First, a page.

348-unit Grady Avenue rezoning on F’ville agenda Thurs.
A proposed apartment complex on Grady Avenue in Fayetteville is back for another try at rezoning before the Fayetteville City Council.
In June, the council had concerns about a proposed upscale residential development on 38 acres on Grady Avenue that included 400 apartments, townhomes and cottages and led to questions about traffic issues.
Knotty Pine will be back before the council Thursday night for the first reading of a revised request that has reduced the number of units and is proposing solutions to traffic concerns.
Then and now, the request asks the property along Grady Avenue near Ga. Highway 54 to be rezoned from Medical Office to Planned Community District (PCD).
The applicant when first presenting the request earlier in the summer was asked to reduce the overall density of the development that included 300 upscale apartments, 67 townhome units and 33 one- and two-story single-family cottages.
“The applicant has responded with a reduction of 52 total units, pulling 24 from the apartments, 38 fewer townhomes and offsetting this number with an increase in 10 single-family detached homes,” said city Community Development Director Brian Wismer. “The revised total distribution of housing is proposed at 276 apartment units, 29 townhomes and 43 detached cottages. This reduces the total density of the development from 10.5 units per acre to 9.2 units per acre.”
In recommending approval, city planning staff referenced the city’s 2006 comprehensive plan, which noted that within the downtown district, development strategies should recognize the need for “a variety of housing options” and “development that will bring residents and (subsequently) neighborhood businesses back to the downtown area. (Achieving) critical density is an essential element of downtown revitalization.”
Along with this, the comp plan also recognizes that “single-family detached housing is not desirable or appropriate for everyone,” said Wismer.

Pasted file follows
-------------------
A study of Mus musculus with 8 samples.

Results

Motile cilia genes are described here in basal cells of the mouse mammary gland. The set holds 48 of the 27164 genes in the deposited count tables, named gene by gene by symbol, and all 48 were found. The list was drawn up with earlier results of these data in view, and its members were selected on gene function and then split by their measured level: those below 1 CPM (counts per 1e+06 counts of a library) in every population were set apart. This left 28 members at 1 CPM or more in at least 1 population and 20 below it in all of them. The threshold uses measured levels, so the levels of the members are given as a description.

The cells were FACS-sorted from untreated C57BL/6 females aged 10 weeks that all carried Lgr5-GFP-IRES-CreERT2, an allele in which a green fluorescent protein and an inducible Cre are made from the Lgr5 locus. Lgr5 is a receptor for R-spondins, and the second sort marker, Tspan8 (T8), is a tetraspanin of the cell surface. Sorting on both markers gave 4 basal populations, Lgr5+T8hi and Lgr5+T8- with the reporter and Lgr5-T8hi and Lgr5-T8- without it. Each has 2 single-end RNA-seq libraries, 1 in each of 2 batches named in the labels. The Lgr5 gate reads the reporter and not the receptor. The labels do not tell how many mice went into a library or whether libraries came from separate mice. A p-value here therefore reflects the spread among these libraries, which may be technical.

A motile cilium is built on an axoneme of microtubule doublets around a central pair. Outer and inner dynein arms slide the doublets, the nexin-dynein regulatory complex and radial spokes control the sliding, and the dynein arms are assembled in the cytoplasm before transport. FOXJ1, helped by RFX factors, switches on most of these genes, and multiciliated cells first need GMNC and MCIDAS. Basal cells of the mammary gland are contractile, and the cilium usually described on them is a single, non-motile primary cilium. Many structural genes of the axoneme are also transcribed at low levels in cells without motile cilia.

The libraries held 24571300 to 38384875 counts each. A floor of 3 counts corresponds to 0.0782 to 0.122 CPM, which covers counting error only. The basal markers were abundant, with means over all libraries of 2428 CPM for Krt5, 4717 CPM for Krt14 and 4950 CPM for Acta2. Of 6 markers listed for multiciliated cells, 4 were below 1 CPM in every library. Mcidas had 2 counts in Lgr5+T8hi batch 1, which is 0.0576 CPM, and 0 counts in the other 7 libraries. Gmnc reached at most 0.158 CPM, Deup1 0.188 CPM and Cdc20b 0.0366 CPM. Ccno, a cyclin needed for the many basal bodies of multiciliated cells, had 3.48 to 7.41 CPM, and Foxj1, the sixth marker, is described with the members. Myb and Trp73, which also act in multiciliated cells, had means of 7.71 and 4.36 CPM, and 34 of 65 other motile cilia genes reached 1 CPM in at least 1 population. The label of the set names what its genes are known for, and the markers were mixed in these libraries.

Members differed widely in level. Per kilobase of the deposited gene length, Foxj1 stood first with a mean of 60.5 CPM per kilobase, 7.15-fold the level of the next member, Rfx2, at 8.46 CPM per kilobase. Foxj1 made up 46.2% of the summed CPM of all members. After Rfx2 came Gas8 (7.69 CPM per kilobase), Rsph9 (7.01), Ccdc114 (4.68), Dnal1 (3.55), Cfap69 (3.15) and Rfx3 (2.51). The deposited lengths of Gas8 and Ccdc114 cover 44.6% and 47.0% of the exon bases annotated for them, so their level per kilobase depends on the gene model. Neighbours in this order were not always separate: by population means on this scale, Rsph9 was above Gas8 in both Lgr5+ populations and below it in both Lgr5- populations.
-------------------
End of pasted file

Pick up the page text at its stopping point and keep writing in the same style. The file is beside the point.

Wismer noted that businesses need people in close proximity to support them, and in order to court further development of the downtown corridor, that downtown critical mass is extremely important when businesses consider where to locate. The forthcoming need for housing that will be generated by Pinewood Atlanta Studios’ activities should also be considered, Wismer said.
“Fayetteville currently does not offer any rental options of this quality and proximity to the historic downtown, and this could be an opportunity to keep those employees in the city and not commuting to Atlanta,” said Wismer.
Pertaining to the other concern from earlier in the summer, the proposal went before the Planning and Zoning Commission on Aug. 27 and received an unfavorable recommendation due largely to unresolved traffic concerns. The applicant since that time has proposed additional solutions that could alleviate those concerns, Wismer said.
Wismer said the traffic study was conducted by Kimley-Horn, which the city has also used for traffic studies in the past. The results of the study recognize that traffic will undoubtedly increase as a result of this development, but that the overall “Level of Service” ranking of Grady Avenue and its ability to accommodate traffic flow will remain the same, Wismer said.
“To minimize this traffic impact, the study also included recommendations for improvements along Grady Avenue and specifically at the Grady Avenue/Hwy. 54 intersection that is of paramount concern,” said Wismer.
One recommendation at that intersection would convert the right-turn only lane into a left/straight/right lane, thereby allowing left turn traffic to stack into two lanes instead of one. The city engineer has reviewed the findings and agrees with the results of the study and its proposed improvements to reduce the traffic impact. The applicant has agreed to make the recommended improvements and has presented a rendering of how the completed improvements will look, said Wismer.
“The applicant has responded cooperatively to the requests for additional data, community outreach and site modifications by city staff and the Planning and Zoning Commission. By all accounts, this will be a high-quality development and a significant investment in the community which could address future housing needs and help to build the downtown district,” Wismer said in recommending that the request be approved.
The 38-acre property is located adjacent to the Waterfall commercial development at the intersection of Grady Avenue and Ga. Highway 54 West.
The second reading is expected at the Oct. 3 meeting.